The Trouble With Freelancers…

This is a phrase I have seldom come across during my career.  In our emerging world where four-day week days are in and 9-5s are out, thousands of companies, families and individuals actually look for a quick fix in the shape of a freelance consultant, casual zero-hours bar staff member, contract-based project manager, a last minute cleaner or even a one-off massage at your own house. We are now living in a world that follows the ethos of food fast over fast food – everything is so fast-paced, action-packed, stressful, selfish and we all, yes all, have this endless desperation of the pursuit of happiness.

In the events and hospitality world, the majority of the people I trained or worked with were freelancers. They could pick and choose the work they wanted, where they wanted to work and travel to, how long they had to work for. The perks were endless. And so were the cons… they often ended up in fields in the rain working 16 hour days living off packed lunches and freebies. They had to say yes to jobs they didn’t want because the season was quiet and the bank balance dictated their next move.

I chose to become a freelance for many reasons. I had had enough of working for and with people who did not appreciate my work. I had also been battling with my health for longer than I can imagine, only made worse by the job I had chosen. So I made another choice… a better one.

The problem with freelancers… well there isn’t one… unless you are a particularly badly disciplined individual. Work hard, enjoy the rewards, network often, enjoy the connections. Take time for yourself to see where it went wrong, where it went right and what else you can do next time.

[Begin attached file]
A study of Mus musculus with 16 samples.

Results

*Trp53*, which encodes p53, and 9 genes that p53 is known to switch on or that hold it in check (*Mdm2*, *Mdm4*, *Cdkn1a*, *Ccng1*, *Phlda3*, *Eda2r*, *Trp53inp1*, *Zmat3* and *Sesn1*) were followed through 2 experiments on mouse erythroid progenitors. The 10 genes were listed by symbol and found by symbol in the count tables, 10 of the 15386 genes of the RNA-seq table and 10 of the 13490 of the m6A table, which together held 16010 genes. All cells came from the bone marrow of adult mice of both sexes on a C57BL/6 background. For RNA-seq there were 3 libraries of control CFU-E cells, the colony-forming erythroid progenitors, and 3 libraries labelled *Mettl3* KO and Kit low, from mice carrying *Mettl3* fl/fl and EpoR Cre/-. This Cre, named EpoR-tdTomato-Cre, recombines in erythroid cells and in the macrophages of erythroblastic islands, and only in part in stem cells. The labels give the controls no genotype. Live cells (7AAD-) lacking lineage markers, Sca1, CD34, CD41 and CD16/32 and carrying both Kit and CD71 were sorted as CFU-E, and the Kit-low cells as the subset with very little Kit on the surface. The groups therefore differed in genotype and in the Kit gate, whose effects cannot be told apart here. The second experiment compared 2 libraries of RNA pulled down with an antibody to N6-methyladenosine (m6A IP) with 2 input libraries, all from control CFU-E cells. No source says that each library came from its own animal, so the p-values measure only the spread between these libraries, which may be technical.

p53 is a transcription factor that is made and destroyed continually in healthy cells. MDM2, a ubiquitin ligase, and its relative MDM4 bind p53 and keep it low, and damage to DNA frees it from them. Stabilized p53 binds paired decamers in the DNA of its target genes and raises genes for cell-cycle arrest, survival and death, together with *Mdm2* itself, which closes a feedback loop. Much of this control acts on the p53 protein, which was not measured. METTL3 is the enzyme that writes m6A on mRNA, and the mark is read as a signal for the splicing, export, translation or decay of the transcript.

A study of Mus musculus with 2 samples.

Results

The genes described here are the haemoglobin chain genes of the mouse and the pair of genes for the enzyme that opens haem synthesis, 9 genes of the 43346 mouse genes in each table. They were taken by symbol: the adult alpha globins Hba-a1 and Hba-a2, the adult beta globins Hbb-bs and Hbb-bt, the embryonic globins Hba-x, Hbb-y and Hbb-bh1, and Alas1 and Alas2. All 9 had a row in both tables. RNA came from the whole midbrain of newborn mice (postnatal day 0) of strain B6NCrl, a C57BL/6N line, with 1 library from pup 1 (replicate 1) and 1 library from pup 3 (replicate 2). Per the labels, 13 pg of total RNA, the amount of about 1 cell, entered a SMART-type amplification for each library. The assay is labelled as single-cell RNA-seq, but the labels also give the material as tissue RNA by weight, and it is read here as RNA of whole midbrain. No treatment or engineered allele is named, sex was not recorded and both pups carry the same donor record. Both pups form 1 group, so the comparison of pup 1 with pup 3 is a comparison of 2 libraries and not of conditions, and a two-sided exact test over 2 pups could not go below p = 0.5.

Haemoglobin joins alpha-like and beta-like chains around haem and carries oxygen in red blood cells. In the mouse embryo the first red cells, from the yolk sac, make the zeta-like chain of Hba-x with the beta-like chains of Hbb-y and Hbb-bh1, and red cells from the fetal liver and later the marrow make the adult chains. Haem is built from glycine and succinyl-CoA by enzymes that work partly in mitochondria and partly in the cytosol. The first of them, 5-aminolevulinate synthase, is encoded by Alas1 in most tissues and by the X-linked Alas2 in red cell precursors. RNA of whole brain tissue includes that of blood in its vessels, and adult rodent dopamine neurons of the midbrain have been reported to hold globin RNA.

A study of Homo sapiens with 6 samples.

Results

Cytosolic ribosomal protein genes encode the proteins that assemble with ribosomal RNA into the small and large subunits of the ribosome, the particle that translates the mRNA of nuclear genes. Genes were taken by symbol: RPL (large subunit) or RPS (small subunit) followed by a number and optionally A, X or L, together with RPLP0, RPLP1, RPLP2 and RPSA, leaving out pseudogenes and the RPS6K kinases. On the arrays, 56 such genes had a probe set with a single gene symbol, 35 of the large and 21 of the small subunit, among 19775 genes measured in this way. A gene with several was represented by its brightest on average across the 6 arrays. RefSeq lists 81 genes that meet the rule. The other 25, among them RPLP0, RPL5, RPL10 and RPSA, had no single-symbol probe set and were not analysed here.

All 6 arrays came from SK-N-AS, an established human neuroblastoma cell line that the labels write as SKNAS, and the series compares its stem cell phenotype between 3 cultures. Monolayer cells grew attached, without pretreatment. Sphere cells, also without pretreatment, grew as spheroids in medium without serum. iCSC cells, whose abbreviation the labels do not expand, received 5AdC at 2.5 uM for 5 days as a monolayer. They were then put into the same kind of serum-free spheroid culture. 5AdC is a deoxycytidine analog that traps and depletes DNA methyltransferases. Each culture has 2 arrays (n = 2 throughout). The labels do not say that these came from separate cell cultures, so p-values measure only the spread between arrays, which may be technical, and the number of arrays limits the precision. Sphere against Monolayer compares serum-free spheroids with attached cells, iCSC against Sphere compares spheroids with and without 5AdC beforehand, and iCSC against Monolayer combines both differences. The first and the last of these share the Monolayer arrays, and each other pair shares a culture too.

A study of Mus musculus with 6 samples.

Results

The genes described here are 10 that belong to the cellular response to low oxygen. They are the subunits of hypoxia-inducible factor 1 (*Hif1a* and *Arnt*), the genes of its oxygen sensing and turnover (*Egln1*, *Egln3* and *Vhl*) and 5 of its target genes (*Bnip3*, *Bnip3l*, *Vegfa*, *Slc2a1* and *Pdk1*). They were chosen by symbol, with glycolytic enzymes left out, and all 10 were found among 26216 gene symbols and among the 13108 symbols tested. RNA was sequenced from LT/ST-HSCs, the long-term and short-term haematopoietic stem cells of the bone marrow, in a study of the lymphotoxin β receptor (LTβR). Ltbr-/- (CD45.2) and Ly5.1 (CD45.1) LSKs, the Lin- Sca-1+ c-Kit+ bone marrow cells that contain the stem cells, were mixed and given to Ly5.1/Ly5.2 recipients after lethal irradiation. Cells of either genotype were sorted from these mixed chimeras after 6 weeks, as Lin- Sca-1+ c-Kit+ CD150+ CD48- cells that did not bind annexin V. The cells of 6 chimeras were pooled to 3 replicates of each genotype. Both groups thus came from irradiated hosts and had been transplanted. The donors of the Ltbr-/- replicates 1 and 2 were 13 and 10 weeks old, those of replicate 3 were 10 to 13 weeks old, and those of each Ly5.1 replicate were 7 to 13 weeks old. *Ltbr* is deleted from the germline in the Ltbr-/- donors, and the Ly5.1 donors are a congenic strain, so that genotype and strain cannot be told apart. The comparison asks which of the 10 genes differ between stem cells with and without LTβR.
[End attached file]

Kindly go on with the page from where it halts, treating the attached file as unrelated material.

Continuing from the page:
We all started out at the bottom – the top is not an unrealistic goal. Just make sure you never think you’ve already got there. 


Things I have learnt along the way:

  • Don’t settle for being good at what you do, the great version of yourself can ALWAYS be improved on.
  • Only work for clients who:
    – own a product you would buy
    – have a brand message you strongly believe in
    – you can see developing a professional and lasting relationship with
    – interest you. You HAVE to believe in the work you are doing and the people you are doing the work for.
  • Keep a tracker. Every minute counts. Don’t say yes to every piece of work thrown your way, you will get bogged down, you will always do it to the worst of your ability and your reputation will be affected. I learnt the hard way.
  • Communication. Always keep your clients updated. They like to hear your progress and market feedback is what keeps them going (even the negative parts!)
  • Work around people. Even if it in a coffee shop or a library, company, although most strangers and silent, is very important for your mindset and productivity. This is the joy of ‘hot-desking’: the world is your office. No importance should be placed on the location but rather the work completed.
  • LinkedIn is by far the best place to network. Make sure you spend at least 30 minutes on it daily.